So, Wal-Mart Just Created Its Own Cantaloupe

Snail mail was too slow, but soon came the telephone. It changed the way we communicated. There was the printing press, that changed how we spread knowledge. Cars changed the way we travel. Avocado-slicers changed the way we sliced avocados.

The point is, all these headaches were solved by creative efforts. As they say, "necessity is the mother of invention."

And apparently, Wal-Mart was having a headache, trying to deal with its fruit.

The necessity: Sell cantaloupes during the winter, when sales are at their lowest.

The invention: A one-of-a-kind cantaloupe.

Shawn Baldwin, Wal-Mart’s senior vice president for produce and global food sourcing, told Bloomberg of Wal-Mart's specific melon-based conundrum:

The multinational retailing corporation sells a kind of engineered cantaloupe that must withstand a 3,000-mile trip to select Wal-Mart stores. But this well-traveled fruit has come under scrutiny because on one hand the cantaloupes are appealing ("look good"), but on the other hand, the eyes deceive the mouth ("tastes like a piece of wood").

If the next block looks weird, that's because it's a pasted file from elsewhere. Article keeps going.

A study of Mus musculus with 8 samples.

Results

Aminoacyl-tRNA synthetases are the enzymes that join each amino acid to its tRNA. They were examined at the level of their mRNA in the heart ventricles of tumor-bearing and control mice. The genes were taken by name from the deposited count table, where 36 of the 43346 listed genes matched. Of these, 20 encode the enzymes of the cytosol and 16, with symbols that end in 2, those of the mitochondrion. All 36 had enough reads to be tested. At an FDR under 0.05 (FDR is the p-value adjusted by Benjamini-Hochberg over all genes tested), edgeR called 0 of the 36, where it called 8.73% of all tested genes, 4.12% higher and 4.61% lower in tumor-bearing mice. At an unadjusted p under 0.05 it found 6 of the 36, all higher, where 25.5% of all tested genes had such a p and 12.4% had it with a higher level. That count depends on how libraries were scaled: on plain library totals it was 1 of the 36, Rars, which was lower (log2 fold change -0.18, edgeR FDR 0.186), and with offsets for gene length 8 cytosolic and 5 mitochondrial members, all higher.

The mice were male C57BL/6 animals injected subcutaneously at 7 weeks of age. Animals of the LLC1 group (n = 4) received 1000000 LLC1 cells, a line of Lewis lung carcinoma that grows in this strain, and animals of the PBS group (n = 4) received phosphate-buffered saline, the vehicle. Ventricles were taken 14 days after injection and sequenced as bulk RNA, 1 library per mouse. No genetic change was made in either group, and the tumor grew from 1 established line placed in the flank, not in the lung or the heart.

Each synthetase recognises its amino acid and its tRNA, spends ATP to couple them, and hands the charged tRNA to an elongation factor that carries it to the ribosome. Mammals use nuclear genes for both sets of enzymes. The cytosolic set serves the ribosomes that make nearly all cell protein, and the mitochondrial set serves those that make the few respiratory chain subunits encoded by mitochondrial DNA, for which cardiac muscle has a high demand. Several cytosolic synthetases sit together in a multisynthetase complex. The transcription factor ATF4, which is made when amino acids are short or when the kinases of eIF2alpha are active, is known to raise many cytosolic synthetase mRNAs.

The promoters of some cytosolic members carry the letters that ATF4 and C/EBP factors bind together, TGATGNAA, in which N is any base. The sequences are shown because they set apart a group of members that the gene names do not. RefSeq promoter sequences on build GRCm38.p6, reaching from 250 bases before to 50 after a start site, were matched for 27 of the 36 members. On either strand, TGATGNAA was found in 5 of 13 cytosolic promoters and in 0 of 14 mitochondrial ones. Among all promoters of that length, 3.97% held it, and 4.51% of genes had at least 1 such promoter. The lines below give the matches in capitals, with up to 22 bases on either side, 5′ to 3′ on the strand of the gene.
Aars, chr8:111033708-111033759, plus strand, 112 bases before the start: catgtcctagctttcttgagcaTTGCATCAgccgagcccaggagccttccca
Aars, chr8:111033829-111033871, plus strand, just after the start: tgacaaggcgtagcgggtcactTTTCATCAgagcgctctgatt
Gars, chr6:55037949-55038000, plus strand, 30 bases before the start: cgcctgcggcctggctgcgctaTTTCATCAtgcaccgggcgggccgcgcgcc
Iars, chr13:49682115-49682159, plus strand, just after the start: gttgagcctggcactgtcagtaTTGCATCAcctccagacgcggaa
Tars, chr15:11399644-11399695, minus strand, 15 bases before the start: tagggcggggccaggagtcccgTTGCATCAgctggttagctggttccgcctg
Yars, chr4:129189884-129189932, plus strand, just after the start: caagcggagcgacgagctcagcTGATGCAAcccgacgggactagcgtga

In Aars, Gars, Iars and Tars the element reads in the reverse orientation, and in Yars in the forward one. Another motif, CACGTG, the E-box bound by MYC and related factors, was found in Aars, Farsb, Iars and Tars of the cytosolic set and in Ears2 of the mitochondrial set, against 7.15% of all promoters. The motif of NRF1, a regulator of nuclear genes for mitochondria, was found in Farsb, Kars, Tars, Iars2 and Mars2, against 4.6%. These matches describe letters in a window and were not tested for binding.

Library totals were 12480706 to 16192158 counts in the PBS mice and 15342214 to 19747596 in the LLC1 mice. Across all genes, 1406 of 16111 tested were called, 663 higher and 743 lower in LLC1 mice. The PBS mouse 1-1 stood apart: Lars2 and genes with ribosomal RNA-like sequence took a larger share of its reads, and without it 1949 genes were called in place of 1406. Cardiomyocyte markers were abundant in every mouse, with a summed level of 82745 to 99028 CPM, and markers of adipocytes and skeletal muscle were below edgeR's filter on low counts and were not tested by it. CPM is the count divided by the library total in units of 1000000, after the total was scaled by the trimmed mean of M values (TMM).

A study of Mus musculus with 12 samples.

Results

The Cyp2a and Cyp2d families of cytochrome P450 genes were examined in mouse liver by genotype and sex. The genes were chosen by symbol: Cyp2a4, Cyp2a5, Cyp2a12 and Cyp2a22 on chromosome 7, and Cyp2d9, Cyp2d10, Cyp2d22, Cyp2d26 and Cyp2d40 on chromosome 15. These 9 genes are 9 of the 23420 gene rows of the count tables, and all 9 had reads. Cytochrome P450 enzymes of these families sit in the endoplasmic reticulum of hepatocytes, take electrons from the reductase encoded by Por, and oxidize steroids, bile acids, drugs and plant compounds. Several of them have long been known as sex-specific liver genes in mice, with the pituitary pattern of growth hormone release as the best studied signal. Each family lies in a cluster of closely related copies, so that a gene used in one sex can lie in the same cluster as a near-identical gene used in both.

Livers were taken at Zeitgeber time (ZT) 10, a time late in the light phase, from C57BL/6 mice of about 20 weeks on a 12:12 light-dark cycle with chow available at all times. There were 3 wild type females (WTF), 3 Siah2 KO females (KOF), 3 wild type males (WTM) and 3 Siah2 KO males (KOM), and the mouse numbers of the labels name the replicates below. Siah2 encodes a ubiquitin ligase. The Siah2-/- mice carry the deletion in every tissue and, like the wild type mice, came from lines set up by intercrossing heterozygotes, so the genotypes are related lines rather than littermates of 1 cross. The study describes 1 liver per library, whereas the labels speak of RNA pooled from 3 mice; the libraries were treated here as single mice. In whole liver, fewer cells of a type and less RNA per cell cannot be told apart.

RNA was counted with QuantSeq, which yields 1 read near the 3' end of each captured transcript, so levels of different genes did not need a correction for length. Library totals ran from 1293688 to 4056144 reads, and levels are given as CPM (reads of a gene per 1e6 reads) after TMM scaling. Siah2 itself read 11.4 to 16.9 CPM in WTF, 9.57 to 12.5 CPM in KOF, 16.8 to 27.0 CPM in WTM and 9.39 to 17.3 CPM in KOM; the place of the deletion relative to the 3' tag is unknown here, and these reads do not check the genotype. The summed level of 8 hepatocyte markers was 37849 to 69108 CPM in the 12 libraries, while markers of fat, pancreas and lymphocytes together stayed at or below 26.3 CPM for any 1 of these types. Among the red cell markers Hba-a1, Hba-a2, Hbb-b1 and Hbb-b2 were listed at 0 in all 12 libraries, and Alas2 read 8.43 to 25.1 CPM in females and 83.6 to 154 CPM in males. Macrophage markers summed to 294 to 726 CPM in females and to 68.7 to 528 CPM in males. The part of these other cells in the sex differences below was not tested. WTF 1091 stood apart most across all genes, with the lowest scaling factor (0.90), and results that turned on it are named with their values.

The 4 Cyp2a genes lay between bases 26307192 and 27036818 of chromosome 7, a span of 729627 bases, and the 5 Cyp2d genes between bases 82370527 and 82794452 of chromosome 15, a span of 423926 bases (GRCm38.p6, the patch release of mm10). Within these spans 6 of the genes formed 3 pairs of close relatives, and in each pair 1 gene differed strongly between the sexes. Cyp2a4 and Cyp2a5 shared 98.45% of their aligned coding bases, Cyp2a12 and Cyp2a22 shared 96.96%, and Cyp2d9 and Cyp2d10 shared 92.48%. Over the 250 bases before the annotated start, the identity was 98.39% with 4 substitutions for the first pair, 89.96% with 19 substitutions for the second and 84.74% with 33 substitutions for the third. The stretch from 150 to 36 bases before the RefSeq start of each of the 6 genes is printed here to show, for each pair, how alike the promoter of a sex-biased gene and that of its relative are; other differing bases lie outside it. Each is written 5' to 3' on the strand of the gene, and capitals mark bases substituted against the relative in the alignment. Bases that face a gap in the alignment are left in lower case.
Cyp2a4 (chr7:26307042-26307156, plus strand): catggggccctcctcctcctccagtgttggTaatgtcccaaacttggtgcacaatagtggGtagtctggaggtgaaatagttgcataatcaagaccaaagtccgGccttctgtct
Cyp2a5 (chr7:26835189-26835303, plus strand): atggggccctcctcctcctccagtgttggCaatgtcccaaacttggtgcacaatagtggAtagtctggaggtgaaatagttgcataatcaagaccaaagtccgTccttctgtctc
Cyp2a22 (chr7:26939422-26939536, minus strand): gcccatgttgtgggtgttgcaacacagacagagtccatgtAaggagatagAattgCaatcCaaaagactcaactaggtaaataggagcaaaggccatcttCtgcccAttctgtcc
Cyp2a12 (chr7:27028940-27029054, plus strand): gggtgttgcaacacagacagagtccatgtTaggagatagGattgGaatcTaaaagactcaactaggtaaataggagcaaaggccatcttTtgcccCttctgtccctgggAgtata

So what does the biggest U.S. grocer do to solve such a thing?

They go to seed experts in Germany and task them with designing a made-to-order melon that will satisfy a palate come winter or fall. And so, the seed experts at Bayer sowed, and Wal-Mart reaped, creating the rashly named Sweet Spark cantaloupe (named after Wal-Mart's sunray logo). Baldwin commented, "I hate the name but that's what the employees picked." I'm with you, Baldwin.

Wal-Mart's efforts to sell this new cantaloupe all season long will put them ahead of its competitors. According to Bloomberg, Wal-Mart sells about 10 times more cantaloupes in June than it does in December, so the bespoke melon is a huge game-changer. You can find these designer cantaloupes in only select Wal-Mart stores across the U.S. for now, but expect a full roll-out by fall.

The Sweet Spark cantaloupe is part of an ongoing effort by Chief Executive Officer Doug McMillon to encourage customers to buy fruits and vegetables when they walk in (Note: Produce is the first thing you see when you enter Wal-Mart). Wal-Mart, along with its discount-chain competitors, Aldi and Lidl, are finding ways to stand out to grab hold of lower-income shoppers.

And for now, Wal-Mart definitely stands out as the one place you can get a juicy, ripe cantaloupe in the dead of winter (a truly fruitful effort).